Customers test the IPad. Apple devices may soon be able to recognize these fingers by their fingerprints.
Customers test the IPad. Apple devices may soon be able to recognize these fingers by their fingerprints.

Apple has a huge hoard of cash: $117 billion at last count. It's going to pay out a dividend to share some of the wealth with stockholders, but it's also going to make acquisitions. Except that Apple doesn't really have a long track record of making acquisitions. It's been content to innovate and grow on its own, rather than to go out shopping for innovation and growth.

But the announcement today that it will buy AuthenTec, a company that's focused on making mobile devices more secure, for $356 million should please Apple's investors and fans — as well as future customers. AuthenTec has developed a fingerprint-recognition technology that sounds like it maps perfectly to the touchscreen age. You use your fingers to manage the interface on iPhones and iPads, so it why shouldn't Apple's mobile security protocols be finger(print) based, as well?

As for future customers, Apple wants to challenge Microsoft in the business-user space and continue taking over for rapidly sinking Resaearch in Motion, the maker of the BlackBerry. Businesses value security — that was always a big selling point for RIM, which operates a secure server network. AuthenTec can provide a degree of device security to Apple products that goes beyond passwords.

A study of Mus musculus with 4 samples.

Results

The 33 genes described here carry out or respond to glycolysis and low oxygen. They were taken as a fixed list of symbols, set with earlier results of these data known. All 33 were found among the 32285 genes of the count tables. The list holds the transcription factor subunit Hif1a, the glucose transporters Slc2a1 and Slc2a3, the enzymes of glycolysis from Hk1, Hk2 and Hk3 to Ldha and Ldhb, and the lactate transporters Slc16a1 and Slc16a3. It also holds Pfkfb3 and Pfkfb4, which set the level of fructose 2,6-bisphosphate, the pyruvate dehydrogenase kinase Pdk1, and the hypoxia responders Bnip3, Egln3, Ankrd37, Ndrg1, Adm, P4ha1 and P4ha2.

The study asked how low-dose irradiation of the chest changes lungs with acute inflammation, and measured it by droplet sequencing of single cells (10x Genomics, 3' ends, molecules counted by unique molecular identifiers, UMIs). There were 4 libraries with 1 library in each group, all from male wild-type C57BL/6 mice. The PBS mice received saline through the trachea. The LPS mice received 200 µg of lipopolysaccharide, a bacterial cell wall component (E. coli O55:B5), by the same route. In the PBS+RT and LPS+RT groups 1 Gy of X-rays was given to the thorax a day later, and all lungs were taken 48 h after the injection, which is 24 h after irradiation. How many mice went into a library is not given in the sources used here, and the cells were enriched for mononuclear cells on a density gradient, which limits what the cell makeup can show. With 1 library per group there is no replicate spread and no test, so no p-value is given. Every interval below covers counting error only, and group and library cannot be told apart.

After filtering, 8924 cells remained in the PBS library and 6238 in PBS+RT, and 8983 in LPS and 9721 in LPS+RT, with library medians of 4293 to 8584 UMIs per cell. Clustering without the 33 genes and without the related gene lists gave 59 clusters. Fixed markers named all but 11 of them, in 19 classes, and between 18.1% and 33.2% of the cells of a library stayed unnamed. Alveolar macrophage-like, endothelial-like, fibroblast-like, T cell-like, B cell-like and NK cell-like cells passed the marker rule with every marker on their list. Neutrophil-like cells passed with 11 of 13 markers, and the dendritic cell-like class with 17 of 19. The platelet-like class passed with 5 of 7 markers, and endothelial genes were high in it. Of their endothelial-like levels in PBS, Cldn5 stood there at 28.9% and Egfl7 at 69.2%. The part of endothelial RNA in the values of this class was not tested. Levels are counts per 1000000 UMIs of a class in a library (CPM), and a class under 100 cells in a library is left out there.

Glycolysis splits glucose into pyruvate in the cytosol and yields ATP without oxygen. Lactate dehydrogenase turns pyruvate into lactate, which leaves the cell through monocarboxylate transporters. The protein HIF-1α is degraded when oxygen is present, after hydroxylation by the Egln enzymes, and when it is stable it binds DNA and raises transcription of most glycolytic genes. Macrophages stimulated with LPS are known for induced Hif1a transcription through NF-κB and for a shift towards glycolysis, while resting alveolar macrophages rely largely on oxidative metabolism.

It's interesting to see Apple realizing that it can't build everything itself — and that it doesn't want to build everything itself. This acqusition is also small enough, and sufficiently strategic, that it doesn't feed into the argument I've been making that there's an acquisition bubble in Silicon Valley. Apple is buying AuthenTec because it wants to, not because it has to, as Facebook did with Instagram — for three times as much!

Follow Matthew DeBord and the DeBord Report on Twitter. And ask Matt questions at Quora.